The Wizard of Oz is a delightful movie for children. Adults can enjoy it too, provided they don’t spend any time thinking about it.
The first problem that many critics have called attention to is the no-place-like-home theme. Back home, Dorothy (Judy Garland) is basically ignored and neglected, while she has great friends in Oz, which is a pretty nice place once the Witch has been eliminated. Like many Hollywood movies made in those days, this movie says we should just accept our lot in life, however drab and dreary it may be.
This is made all the more outrageous by the reason Dorothy ran away from home in the first place. It’s not that she thought the grass would be greener elsewhere or something frivolous like that. She wanted to save the life of her dog Toto, whom Miss Gulch (Margaret Hamilton) was determined to have destroyed and had a court order to take possession of the dog and bring him to the sheriff. Toto is the only friend she has, and saving his life is not only a good reason for her to leave, but also a good reason for her not to come back. As Dorothy lies there in bed at the end of the movie, I cannot help but think to myself that Miss Gulch will be back the next morning with that same court order and take Toto away.
Some people argue that Miss Gulch died during the tornado, because she corresponds to the Wicked Witch of the East, who died when the farmhouse landed on her. Well, Dorothy may have killed off Miss Gulch as a witch in her wish-fulfilling dream, but there is no reason to think that the real Miss Gulch is dead, especially since in the dream, the farmhouse, having been picked up by the tornado, landed on the Witch and crushed her, but nothing happened to the farmhouse in the real world. So there may be no place like home for Dorothy, but it is the dog pound for Toto, at least for a few days until he is destroyed.
The sister of the Wicked Witch of the East, the Wicked Witch of the West, threatens Dorothy and her friends until Dorothy accidentally throws water on her, causing her to melt. Once the Witch is gone, her minions, the winged monkeys, are quite happy about the situation. It turns out that they were not evil themselves, but only did the Witch’s bidding because they were afraid of her. Now that she is dead, they can be good winged monkeys.
Condensing all the evil into a single person, the Wicked Witch, and then eliminating that person is all right for a fantasy movie, but it is simplistic thinking like that that has serious consequences in the real world. I suspect that George W. Bush and his advisers believed that Saddam Hussein was a “Great Man” like the Wicked Witch, and that all they had to do was get rid of him, and the citizens of Iraq would start singing, “Ding Dong! The Witch Is Dead,” as they established a Jeffersonian democracy.
Oddly enough, though the movie seems to subscribe to the Great Man theory in its treatment of the Witch as the sole source of evil in Oz, yet it takes the opposite tack in the scene that follows, in which the message seems to be that no one is better than anyone else. The Scarecrow (Ray Bolger) needs a brain; the Tin Man (Jack Haley) needs a heart; and the Cowardly Lion (Bert Larh) needs some courage. They hope to get these things from the Wizard of Oz (Frank Morgan), which is why they have been accompanying Dorothy to the Emerald City. In the end, however, the Wizard of Oz is just a fraud with no special powers, so he cannot give the Scarecrow a brain, the Tin Man a heart, or the Cowardly Lion some courage. Being a fraud, however, the Wizard knows that the people who supposedly are intelligent, philanthropic, or brave are also frauds themselves. College professors are no smarter than anyone else; they just have a diploma. Philanthropists are no more generous than anyone else; they just have testimonials. Heroes are no braver than anyone else; they just have medals. So he gives the Scarecrow a diploma, the Tin Man a testimonial, and the Lion a medal. And now they are just as smart, generous, or brave as any of those so-called college professors, philanthropists, or heroes. I suppose this must be reassuring to those who are not all that smart, are not all that charitable, and have never performed a heroic deed in their lives, which would presumably include most of the audience.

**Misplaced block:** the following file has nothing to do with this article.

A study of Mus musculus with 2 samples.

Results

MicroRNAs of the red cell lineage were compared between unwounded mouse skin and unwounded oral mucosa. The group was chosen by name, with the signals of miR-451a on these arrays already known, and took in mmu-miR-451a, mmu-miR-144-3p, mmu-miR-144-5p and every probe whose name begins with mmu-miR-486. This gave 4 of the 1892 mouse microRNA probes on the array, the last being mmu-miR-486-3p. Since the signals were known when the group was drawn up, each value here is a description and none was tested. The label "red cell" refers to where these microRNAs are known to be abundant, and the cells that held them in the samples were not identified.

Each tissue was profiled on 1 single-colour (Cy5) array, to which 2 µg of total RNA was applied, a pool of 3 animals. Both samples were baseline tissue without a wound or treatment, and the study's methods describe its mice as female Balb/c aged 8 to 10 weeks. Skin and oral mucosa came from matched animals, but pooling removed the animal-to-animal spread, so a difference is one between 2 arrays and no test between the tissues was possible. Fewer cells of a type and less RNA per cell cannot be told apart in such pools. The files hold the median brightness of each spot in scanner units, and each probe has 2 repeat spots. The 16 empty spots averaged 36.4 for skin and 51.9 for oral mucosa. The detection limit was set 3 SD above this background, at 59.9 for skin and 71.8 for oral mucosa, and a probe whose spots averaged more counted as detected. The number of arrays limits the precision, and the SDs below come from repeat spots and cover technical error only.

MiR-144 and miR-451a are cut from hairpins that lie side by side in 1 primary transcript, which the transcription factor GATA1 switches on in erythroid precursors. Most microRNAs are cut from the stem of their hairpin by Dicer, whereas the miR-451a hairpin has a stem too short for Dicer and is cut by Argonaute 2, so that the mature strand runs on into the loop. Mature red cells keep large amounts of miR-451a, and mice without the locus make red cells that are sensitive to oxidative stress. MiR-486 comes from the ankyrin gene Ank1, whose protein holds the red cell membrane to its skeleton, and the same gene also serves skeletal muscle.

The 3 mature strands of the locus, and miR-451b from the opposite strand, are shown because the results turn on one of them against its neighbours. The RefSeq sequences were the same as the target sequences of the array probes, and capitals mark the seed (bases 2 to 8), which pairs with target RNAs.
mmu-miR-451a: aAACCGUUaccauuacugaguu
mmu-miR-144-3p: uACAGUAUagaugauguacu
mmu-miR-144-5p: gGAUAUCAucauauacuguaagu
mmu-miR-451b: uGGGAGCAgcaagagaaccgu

Once the Scarecrow gets his diploma, he believes the Wizard and thinks he is just as smart as all those college professors. Suddenly inspired, he enunciates what he takes to be the Pythagorean Theorem: “The sum of the square roots of any two sides of an isosceles triangle is equal to the square root of the remaining side. Oh joy, rapture! I’ve got a brain!”
Alas, this is neither the Pythagorean Theorem nor any other theorem of geometry. First of all, the Pythagorean Theorem applies to right-angled triangles, not to isosceles triangles. But even if we allow for that correction, substituting “right-angled” where he says “isosceles,” it is still wrong. It is not the square roots of the sides that are related in that way, but the squares, to wit: The square of the hypotenuse of a right-angled triangle is equal to the sum of the squares of the other two sides. As this is something known by most high school graduates, let alone by college professors, maybe a diploma counts for something after all.
Fortunately, even if you do have a brain, you can still enjoy The Wizard of Oz, provided you don’t use it too much while watching the movie.